Could your next Hawaii vacation come with an unexpected perk, in the form of a tax credit or other financial assistance? That isn’t out of the question it appears, as this prospect was just raised by behemoth Booking.com.
Glenn Fogel, CEO of Booking, recently said that the travel industry, outside of the airlines, wants and needs a stimulus package, and he might just be right on. He said, “I would like to see a tax credit for people to spend on travel….” That is not unlike incentives other industries have received, such as electric cars, he added.
Fogel analogized today’s situation with what happened after Pearl Harbor.
“I don’t believe people were saying how much does this aircraft carrier cost? We are in a war we have to win. We’ll spend whatever it takes…” That was what was essential then, as travel is now.
By way of introduction, before coming to Booking, Fogel received a doctorate from Harvard Law School and an undergraduate degree from The Wharton School of the University of Pennsylvania. His company, Booking, has seen an 85% drop in its business in the past 60 days. The owner of brands including Priceline, Booking, OpenTable, and Kayak, just secured $4 billion in additional funding.
Globally, it is estimated that up to 75,000,000 travel industry jobs are currently at risk.
Fogel wants to see the governments “prime the pump” since travel is an important source of employment. “These are people who need to come back to the workforce…We need to stimulate our industry.”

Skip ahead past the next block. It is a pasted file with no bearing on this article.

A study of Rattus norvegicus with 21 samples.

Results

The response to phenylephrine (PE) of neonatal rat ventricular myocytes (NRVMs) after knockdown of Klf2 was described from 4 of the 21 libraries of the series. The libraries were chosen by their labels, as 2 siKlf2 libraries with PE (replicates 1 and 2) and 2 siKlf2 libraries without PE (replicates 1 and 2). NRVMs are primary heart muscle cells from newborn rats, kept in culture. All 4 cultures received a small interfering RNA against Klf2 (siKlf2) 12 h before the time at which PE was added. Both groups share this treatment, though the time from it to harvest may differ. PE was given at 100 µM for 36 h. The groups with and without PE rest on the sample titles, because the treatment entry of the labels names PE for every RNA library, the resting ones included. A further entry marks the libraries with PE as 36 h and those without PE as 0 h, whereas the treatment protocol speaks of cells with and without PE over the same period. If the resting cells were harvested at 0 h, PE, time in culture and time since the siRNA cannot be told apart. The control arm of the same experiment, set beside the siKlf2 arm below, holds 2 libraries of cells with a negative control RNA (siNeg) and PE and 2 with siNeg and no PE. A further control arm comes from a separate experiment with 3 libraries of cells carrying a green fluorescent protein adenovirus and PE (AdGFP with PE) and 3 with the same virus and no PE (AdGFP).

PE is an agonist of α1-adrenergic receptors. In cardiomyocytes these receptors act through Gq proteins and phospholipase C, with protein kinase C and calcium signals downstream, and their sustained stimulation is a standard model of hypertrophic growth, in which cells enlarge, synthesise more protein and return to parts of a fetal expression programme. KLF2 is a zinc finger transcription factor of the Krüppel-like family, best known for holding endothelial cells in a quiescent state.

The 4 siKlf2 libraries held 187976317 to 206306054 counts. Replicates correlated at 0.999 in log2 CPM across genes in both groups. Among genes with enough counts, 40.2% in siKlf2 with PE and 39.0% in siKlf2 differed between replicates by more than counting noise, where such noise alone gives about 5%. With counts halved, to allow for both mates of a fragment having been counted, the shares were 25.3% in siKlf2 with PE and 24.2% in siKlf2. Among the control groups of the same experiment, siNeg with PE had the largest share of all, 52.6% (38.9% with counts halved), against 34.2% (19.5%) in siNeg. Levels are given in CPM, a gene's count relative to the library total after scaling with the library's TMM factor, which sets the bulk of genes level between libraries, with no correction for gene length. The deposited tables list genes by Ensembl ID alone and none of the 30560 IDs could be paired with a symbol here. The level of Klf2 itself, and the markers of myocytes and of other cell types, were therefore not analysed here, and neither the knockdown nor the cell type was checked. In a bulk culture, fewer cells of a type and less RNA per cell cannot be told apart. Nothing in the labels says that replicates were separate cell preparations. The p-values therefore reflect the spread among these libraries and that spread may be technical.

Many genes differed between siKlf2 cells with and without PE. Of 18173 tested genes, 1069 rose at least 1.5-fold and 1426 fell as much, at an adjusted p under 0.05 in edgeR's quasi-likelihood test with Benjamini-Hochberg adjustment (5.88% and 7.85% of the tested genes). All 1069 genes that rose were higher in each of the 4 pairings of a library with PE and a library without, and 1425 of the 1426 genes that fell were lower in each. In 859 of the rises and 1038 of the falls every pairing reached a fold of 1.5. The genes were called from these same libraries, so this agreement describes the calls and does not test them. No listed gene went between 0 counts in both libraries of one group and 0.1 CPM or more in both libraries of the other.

Speaking to what might sound like Hawaii’s situation, Fogel said that travel bans and mandatory isolation periods had created travel “friction.”
Does this seem viable? Something similar has worked before.
Rob (your co-editor) remembers this concept all too well. He once worked on the Targeted Jobs Tax Credit program that was designed to get people in high-risk groups (low income, youth, veterans, etc.) back to work. Employers were offered a tax incentive for hiring.
Beat of Hawaii:
The faster we can deal with the uncertainties including safety for residents and visitors, a decisive plan for reopening Hawaii, and removing the isolation period, the faster visitors will get back to traveling here, and the sooner our economy can recover to any degree.
On good news, we are already hearing from industry stakeholders who are seeing an uptick in bookings for the fall that might be replacing traditional Hawaii summer vacations.
Beat of Hawaii © photo on Oahu near Diamond Head.